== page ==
SHARE   |   Sunday, 25 January 2015   |   By Staff Writer
President Khama President Khama

• as fight over 4% salary increase continues

Public sector trade unions will know by next if they have been granted an opportunity to stop President Ian Khama and other government organs from making unilateral decisions, disregarding the public sector bargaining council. 
A panel of three judges constituted by Justice Isaac Lesetedi, Ian Kirby and Martin Howie on Friday heard an appeal by public sector trade unions after an urgent application they had filed with the high court was thrown out for lack of urgency. Senior Counsel Advocate Alec Freund of Cape town spent the whole day Friday persuading a panel of three court of appeal judges to accept arguments that the decision to throw out their urgent application seeking to interdict public service salary increase last year was wrong.
Representing BOFEPUSU and the five trade union members, Feund said the decision was erroneous because the judge failed to apply himself properly to appreciate the prejudice his clients suffered. "His decision harmed my clients' reputation. If the matter is referred back to the high court to follow normal process it can drag on causing further harm and impacting on salary negotiations for the following year," he said.
He said although they no longer seek to interdict the 4% increase because it has already been implemented they are undertaking a damage control exercise and fighting for principle.  Freund said it is fundamentally wrong that court found no prejudice against trade unions. He said ruling that the matter was not urgent precluded the possibility of any kind of interdict, which was the only potential mechanism to protect the right of the workers. He argued that an employer cannot unilaterally increase salaries for public servants disregarding the bargaining process and negotiating in bad faith. He posited that government had an obligation to negotiate in good faith. He said the judge was manifestly wrong to conclude that there was no harm.  The judge was erroneous in his understanding on urgency. The ruling of no urgency was devastating to the workers, he said.  "The power relations between the parties should not be impermissibly altered by the employer by making unilateral decisions. There is no remedy after effect for the unions because the horse would have bolted by the time the negotiations got underway," he said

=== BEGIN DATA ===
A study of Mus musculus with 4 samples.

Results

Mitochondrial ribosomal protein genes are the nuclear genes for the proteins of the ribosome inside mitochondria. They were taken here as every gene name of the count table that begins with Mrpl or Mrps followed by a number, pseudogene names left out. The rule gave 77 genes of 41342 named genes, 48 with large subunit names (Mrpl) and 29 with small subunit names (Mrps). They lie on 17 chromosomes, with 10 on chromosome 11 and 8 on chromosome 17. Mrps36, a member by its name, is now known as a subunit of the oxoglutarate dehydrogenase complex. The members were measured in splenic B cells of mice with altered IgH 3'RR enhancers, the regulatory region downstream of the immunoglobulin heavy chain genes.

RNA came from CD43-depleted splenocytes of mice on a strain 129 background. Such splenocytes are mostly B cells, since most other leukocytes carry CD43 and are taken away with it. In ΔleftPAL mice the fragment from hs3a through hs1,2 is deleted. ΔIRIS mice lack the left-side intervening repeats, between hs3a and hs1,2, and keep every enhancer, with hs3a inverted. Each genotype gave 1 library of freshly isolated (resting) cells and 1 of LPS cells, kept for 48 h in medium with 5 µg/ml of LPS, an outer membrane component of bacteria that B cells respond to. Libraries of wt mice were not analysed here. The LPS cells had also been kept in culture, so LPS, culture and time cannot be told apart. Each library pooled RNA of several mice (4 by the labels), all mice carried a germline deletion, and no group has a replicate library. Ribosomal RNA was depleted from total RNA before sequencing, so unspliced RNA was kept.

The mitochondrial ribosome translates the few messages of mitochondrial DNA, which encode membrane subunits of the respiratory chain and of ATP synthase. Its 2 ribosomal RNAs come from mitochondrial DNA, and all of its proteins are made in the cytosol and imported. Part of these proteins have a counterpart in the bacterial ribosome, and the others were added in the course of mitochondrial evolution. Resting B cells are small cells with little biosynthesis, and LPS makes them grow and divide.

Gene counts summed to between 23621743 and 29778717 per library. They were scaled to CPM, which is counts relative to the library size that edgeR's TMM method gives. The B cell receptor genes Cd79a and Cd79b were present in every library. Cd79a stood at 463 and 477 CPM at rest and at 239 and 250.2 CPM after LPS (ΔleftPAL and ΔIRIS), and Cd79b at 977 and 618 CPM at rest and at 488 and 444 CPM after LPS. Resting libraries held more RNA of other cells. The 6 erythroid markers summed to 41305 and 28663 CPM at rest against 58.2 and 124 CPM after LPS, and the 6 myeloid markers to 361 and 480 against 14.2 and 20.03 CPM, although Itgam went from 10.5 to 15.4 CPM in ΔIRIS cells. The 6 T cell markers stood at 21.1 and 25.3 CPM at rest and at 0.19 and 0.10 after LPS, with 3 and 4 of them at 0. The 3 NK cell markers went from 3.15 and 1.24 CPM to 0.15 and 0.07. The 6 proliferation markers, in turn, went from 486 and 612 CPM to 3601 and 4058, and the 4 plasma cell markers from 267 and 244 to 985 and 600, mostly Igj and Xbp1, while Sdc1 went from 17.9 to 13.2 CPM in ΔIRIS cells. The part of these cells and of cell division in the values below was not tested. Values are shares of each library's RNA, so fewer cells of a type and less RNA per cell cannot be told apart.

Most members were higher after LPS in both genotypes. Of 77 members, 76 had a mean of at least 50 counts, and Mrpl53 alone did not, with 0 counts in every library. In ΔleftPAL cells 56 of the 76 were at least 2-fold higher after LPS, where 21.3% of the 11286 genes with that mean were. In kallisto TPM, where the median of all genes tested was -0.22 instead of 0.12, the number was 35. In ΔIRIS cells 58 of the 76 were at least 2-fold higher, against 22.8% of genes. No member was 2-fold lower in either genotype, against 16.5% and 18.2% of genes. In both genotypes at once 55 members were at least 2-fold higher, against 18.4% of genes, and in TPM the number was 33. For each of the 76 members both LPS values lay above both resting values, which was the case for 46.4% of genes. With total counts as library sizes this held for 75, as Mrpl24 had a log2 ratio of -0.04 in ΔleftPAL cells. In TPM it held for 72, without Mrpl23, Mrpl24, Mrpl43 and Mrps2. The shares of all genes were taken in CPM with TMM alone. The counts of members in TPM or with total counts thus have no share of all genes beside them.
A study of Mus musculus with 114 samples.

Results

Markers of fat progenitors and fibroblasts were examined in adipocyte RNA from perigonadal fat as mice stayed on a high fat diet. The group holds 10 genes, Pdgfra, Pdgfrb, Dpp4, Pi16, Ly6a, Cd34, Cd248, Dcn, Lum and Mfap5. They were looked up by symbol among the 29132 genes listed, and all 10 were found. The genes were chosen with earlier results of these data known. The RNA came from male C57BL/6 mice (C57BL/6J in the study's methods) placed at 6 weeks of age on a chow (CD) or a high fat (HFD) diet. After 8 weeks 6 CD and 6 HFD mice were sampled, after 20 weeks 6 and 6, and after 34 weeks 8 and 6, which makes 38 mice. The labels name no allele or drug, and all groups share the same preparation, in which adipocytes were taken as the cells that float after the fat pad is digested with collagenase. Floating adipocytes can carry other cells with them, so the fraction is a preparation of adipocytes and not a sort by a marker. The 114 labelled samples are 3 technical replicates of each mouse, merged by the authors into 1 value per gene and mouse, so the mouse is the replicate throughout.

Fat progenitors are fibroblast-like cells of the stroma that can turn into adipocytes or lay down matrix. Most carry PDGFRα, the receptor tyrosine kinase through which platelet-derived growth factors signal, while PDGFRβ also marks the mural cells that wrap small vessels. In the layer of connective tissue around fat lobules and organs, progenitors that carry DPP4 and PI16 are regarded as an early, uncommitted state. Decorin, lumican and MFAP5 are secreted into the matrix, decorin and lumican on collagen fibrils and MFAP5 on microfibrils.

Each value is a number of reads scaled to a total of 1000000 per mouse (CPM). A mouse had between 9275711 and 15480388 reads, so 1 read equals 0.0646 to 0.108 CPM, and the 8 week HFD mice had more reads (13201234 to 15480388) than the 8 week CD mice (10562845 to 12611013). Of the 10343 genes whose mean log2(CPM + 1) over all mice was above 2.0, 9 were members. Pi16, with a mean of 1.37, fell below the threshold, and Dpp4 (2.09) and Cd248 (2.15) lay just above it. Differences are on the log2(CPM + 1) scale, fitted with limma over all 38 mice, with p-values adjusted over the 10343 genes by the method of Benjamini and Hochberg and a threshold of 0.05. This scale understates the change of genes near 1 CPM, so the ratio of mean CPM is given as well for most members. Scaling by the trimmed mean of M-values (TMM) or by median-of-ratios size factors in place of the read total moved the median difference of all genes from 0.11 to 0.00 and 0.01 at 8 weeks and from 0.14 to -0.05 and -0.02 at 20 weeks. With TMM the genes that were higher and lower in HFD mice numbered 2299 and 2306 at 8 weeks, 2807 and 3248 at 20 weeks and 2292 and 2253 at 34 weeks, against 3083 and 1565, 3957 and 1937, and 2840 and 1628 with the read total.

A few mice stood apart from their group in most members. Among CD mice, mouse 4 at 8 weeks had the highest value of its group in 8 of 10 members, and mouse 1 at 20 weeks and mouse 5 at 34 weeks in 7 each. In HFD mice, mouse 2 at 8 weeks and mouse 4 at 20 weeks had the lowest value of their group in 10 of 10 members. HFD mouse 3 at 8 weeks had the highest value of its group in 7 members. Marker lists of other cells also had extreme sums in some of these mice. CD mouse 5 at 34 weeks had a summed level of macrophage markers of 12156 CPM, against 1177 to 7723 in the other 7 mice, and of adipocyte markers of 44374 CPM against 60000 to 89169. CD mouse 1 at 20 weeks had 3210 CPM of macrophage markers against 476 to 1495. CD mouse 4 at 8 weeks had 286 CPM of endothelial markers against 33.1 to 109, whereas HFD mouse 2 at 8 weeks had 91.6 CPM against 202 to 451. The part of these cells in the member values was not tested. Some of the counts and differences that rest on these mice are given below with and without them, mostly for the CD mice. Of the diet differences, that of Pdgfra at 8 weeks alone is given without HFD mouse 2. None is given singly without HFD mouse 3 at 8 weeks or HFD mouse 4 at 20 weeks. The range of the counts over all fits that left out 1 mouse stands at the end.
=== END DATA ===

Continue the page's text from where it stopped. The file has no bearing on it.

not arise and cannot be used in defence. He said the PSA, the Trade Unions and Employers
Organisations Act (TUEOA) and the Trade Disputes Act (TDA) create statutory sources of
obligation. He said as long as a trade union is legally recognised there is an obligation to
negotiate conditions of employment, the variation thereof.  Section 48(4) of the Trade
Unions and Employers’ Organisation Act [Cap 48:01] (“the TUEO”) obliges an employer which
has granted recognition to a trade union to “bargain in good faith”with the union on various
matters, including remuneration and other terms and conditions of employment.   Where, as
in this case, a joint industrial council exists, such negotiation takes place in, and between the
parties, to the council.
Freund said Khama's announcement of the 4% salary increase before negotiations even started undermined the bargaining process. He said there is nowhere in international law where the employer can make unilateral decisions regardless whether it will be favourable or not to the employees. He said the president does not have power where government is bound by statutory obligations. "The president being an organ of government cannot exercise executive discretion/ prerogative powers conferred on him by any law. The President cannot in the exercise of powers of prerogative invoke his powers to act in breach of Government’s statutory obligation to negotiate in good faith,“ he said.

The process of negotiating salaries and conditions of service for the public servants falling
within the council was, by agreement, due to commence on 10 April 2014.  Before the
negotiations commenced president Ian Khama announced a 4% increment in salaries at a
public meeting held on 26 March 2014. The DPSM initially asserted that this only applied to
employees who were not members of trade unions.  It soon became obvious, however, that
this was not correct.  On Monday April 7 2014 the Daily News reported on a speech given by
Khama at Taung on Thursday 3 April, in which he stated the following:There would be a 4%
salary increase for all public servants starting from April; This 4% increase had been offered
to the unions; Government could not afford to wait for the council because it takes too long
to conclude salary negotiations; and  Though the decision did not stop the process of the
council, Khama cautioned that the government “was constrained” to offer more.  Presumably
this was intended to mean that it was thought unlikely that it would be in a position to agree
 to pay more than the 4% already offered and being implemented.
David Moloise for the state contended that there was no urgency in the matter. He however said in his view it is wrong for the high court to have dismissed the application as not urgent but later granted leave to appeal. That decision indicated that court believed that the case is arguable on appeal. "If court should find that the lower court erred in finding that the matter was not urgent we would suggest that it be referred back to the high court for proper ventilation of issues," he said.
The DPSM argued below that the President exercised a prerogative with which the Court
could not interfere.   A prerogative is a common law power which inheres in the Head of
State.   It is a concept inherited from English Law which recognised the Crown’s inherent
powers to confer honours, pardon offenders, declare war, make peace, appoint and
recognise diplomatic agents, and ratify international treaties.